Volkswagen Invests in Battery Startup to Increase Edge in Electric Vehicle Market

Volkswagen has purchased a stake in battery development company QuantumScape Corp. to gain an edge over electric vehicle competitors like Tesla Motors Inc. and Nissan Motor Co.

Inside sources, who wished to remain anonymous, told Bloomberg News that Volkswagen purchased a five-percent share in the privately owned company located in San Jose with the option to increase the share. Sources also reported that Volkswagen is seriously contemplating the company’s new technology which would triple the driving range of its electric cars.

According to Bloomberg, QuantumScape is developing batteries that employ solid-state technology using solid electrolytes rather than the liquid electrolytes found in lithium-ion batteries. Benefits of solid state technology include fire resistance and increased energy storage capabilities.


Although Volkswagen is one of the largest automakers in the world, its electric car sales have yet to make a mark in the U.S. The adoption of this new technology may change that, however, which is one reason why Volkswagen’s Chief Executive Officer Martin Winterkorn is so interested in pursuing it.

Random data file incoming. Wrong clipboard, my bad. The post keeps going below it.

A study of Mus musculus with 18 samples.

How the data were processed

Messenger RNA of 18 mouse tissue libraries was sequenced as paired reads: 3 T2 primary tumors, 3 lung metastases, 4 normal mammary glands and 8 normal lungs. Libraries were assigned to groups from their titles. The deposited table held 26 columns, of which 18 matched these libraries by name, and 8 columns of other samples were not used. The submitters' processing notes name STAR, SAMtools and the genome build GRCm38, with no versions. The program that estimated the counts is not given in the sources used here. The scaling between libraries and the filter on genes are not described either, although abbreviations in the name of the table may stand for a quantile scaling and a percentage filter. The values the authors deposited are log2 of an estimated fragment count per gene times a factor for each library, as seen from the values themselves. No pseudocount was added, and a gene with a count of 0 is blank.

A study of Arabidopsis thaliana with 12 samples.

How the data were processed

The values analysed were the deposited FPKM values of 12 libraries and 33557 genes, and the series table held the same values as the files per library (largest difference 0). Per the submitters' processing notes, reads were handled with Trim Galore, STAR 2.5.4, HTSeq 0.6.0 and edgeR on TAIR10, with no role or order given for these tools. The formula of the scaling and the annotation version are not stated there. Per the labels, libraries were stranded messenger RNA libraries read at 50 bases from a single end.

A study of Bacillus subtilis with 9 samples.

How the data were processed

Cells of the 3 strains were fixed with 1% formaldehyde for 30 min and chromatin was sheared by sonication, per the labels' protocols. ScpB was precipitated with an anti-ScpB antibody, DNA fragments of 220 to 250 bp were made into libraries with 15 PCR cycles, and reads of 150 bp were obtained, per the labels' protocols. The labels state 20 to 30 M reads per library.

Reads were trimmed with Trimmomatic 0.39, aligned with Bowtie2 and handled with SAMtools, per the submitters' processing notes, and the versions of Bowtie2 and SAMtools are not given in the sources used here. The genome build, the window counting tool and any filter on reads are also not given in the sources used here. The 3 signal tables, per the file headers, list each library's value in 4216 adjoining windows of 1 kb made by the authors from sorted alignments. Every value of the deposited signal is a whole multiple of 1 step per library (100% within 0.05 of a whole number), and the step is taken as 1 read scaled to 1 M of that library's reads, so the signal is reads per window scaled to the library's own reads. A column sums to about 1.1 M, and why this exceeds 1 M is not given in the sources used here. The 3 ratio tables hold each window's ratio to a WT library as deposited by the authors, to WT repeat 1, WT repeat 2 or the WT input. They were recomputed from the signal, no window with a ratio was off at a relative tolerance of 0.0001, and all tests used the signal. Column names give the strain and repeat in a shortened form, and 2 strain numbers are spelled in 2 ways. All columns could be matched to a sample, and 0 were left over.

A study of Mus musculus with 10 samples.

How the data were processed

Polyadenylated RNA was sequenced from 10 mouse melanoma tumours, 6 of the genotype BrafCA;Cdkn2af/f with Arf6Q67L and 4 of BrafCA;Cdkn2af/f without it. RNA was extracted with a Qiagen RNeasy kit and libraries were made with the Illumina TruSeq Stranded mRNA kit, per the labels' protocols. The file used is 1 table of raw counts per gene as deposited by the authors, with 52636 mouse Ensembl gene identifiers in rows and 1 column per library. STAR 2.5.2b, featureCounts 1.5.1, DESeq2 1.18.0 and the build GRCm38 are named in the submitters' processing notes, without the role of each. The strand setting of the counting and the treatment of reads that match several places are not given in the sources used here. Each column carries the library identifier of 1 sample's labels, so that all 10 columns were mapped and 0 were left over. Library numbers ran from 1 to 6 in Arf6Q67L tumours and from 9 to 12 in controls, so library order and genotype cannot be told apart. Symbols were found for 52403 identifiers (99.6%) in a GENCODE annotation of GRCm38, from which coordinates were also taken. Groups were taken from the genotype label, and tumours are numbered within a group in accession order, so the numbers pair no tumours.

Winterkorn, who spoke on the new technology at Stanford University in early November, emphasized the importance of electro-chemistry advancements across all geographic locations and industries, but especially for car manufacturers for whom the technology holds a potential solution to one of the largest perceived downsides of electric vehicles — driving range.

“I see great potential in this new technology, possibly boosting the range to as much as 700 kilometers (430 miles),” Winterkorn said in his Nov. 6 speech at Stanford University.